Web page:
Women’s History Month: An Interview with President Dr. Jeanie Webb Published March 31, 2022

•	President Webb photo Alt text: President Jeanie Webb posing for a photo with her daughter, Anna Grace WebbIn honor of Women’s History Month, we sat down with Rose State College President Dr. Jeanie Webb and asked her five questions to learn more about her and how she has gotten to where she is now. We hope these answers inspire you to never give up on your dreams.

Dr. Jeanie Webb - Rose State president

  1. What advice do you have for younger women?

I would encourage women to stand up for what they believe in, to set goals and then go for them full throttle. I would tell my younger self and my daughter who’s 20, that it's so important to not forget to be kind and compassionate. It's okay to want the top position or whatever position you want, but what is most important is to treat people fairly and kindly. I think that you'll go further in life if you're nice. I will always tell my daughter that she can do anything she wants in life, get the proper credentials, go after your goals with passion, but never forget who you are in the process. 

  1. What are you most proud of as a woman?

I am proud that I have had the opportunity to serve as president and to show what I could do as a leader, not just because I am a woman, but because I am good at what I do. There is nothing else I would rather be doing. I feel strongly about the community college – because it is the place that gave me my first chance.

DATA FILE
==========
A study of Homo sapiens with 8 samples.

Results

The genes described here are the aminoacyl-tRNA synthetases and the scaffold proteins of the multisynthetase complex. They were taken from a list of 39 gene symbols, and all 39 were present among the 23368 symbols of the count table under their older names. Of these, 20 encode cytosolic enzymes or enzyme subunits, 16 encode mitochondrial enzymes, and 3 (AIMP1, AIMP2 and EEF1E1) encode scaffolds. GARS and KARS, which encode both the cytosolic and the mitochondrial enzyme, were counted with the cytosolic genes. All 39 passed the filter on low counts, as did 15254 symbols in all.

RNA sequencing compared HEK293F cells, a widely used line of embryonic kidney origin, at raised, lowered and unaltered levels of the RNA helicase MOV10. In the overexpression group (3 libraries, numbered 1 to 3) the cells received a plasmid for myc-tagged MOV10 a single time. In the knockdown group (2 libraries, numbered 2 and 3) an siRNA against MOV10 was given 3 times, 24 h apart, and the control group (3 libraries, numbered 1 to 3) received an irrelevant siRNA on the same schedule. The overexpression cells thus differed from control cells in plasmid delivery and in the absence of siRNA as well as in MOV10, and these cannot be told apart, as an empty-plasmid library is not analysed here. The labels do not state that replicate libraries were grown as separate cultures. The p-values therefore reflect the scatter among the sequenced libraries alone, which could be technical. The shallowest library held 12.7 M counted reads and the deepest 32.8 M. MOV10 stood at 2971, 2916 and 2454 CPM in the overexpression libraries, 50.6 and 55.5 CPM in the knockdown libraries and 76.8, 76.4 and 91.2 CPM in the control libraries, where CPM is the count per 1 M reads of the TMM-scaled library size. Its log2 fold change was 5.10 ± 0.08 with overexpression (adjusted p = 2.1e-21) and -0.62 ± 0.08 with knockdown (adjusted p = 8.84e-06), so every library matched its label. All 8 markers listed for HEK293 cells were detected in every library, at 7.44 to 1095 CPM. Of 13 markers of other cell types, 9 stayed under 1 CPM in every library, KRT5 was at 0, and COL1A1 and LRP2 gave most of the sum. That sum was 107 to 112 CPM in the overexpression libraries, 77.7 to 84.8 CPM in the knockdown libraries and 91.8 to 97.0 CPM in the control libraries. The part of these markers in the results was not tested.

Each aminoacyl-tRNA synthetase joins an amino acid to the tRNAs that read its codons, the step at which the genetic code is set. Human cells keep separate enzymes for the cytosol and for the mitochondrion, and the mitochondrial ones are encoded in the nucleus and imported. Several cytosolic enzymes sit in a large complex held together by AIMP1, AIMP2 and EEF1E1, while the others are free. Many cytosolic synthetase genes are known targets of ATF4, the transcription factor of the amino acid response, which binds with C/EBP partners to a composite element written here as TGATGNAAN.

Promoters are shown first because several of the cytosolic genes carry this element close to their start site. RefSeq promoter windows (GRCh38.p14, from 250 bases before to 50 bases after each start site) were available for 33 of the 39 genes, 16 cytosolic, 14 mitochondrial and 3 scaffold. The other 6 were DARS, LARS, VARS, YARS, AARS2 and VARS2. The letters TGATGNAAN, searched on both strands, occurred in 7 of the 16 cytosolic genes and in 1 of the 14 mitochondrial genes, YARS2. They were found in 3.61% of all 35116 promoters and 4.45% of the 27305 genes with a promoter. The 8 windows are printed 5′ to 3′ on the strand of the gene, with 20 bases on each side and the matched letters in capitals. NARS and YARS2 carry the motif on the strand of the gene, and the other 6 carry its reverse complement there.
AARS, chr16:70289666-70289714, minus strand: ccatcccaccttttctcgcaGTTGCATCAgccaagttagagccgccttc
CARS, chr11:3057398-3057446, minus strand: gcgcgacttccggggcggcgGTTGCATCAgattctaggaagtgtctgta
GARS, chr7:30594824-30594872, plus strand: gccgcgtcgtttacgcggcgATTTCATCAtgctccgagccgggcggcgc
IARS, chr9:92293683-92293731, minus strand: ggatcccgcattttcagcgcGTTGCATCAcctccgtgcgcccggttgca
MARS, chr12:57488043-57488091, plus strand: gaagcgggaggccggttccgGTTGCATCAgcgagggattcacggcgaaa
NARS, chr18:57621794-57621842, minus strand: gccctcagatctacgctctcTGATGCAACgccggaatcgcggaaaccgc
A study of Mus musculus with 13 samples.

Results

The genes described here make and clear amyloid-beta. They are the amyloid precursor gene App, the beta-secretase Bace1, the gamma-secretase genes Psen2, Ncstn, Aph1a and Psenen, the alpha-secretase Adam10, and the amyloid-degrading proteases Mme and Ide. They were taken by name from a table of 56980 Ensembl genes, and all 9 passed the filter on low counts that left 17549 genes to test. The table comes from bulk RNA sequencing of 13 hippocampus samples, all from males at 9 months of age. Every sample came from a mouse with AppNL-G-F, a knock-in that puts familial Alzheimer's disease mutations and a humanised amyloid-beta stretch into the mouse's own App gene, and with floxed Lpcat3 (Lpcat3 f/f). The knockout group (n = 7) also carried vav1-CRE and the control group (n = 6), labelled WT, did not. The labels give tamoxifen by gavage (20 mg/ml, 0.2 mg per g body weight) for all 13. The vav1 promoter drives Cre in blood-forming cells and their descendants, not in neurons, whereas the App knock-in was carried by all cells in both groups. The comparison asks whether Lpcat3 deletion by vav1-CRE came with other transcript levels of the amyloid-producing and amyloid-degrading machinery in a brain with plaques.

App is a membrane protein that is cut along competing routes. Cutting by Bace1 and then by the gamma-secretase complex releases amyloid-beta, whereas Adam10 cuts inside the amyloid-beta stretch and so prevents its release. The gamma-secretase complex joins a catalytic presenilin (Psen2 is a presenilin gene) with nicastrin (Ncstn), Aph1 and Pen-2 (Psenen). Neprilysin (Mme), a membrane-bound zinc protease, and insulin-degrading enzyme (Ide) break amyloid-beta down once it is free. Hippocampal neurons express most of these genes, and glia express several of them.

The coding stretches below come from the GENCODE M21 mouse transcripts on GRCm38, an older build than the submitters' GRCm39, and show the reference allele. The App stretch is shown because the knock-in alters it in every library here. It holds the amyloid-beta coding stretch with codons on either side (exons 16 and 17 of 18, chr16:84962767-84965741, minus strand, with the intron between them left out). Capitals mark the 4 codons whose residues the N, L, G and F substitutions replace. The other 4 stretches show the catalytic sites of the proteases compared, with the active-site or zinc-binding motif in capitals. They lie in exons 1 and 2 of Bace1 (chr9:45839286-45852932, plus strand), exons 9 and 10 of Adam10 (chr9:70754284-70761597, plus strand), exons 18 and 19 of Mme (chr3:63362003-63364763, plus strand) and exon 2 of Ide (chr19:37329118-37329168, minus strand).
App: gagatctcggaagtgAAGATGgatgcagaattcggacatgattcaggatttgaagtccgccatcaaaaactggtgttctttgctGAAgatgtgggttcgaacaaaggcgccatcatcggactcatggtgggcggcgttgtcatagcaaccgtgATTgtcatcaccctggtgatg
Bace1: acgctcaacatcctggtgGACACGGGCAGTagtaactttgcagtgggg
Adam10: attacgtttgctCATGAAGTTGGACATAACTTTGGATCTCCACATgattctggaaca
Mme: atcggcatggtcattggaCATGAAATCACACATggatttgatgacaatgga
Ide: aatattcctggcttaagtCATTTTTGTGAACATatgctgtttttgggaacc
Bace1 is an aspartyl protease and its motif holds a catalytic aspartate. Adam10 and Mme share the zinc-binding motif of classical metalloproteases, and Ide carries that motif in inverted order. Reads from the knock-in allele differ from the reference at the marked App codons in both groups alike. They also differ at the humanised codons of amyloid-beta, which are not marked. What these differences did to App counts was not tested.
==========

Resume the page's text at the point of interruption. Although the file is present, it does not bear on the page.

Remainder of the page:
My background comes from a very low income and there was never the talk of college. I’m proud that I went ahead and got my bachelor's, my master's and then my doctorate degree. I always had to work hard. This is the thing that people really must realize, you must put in the work.

  1. Tell me about your greatest achievement - whether personal or professionally at Rose State.

My mother never got the opportunity to go to college. She grew up on a dairy farm and always wanted more for me. She would always push “career, career, career, you can do this, no one can ever take your degree away.” My saddest and most exciting moment was when I became president of Rose State College. I was so proud to serve as president at the place that made a difference in my life, but it was also bittersweet because my mom had passed away a few years before and never got to see it happen. I'm proud of my team, my family, and my faith, these are very important to me. 

  1. Tell us about some major obstacles you’ve had to overcome to get to where you are now.

One of my greatest obstacles was that we had no money growing up. If I hadn't had the opportunity to go to NEO A&M College and do something as simple as being in the North Stars Drill Team, I wouldn't have an associate degree, nor would I have the confidence I have now. I've had a lot of fantastic role models – my grandmother, my mom and the people I've worked with, both men and women. When we were kids, my mom did not allow us to use the word “can't.” Can't did not exist in our vocabulary. So, I do believe there are a lot of obstacles, but I also think that if you work hard, get the credentials, do a good job, and always be kind, you’ll go very far in life. 

  1. What qualities make a female leader?

I do think many female leaders are strong multi-taskers. However, at the end of the day, whether you are male or female, certain traits must be present in all leaders. For instance, do you have a vision? Are you trustworthy? Do you keep your word? Are you honest? Are you caring and compassionate? Do you put service and other people ahead of yourself? 

Teamwork is key. I always tell my executive staff that it's never about you or me, it's about all the people that we work with. Our jobs are to make others and this institution better. Always remember, it's not about you, it's about service. It's about giving, caring, and compassion.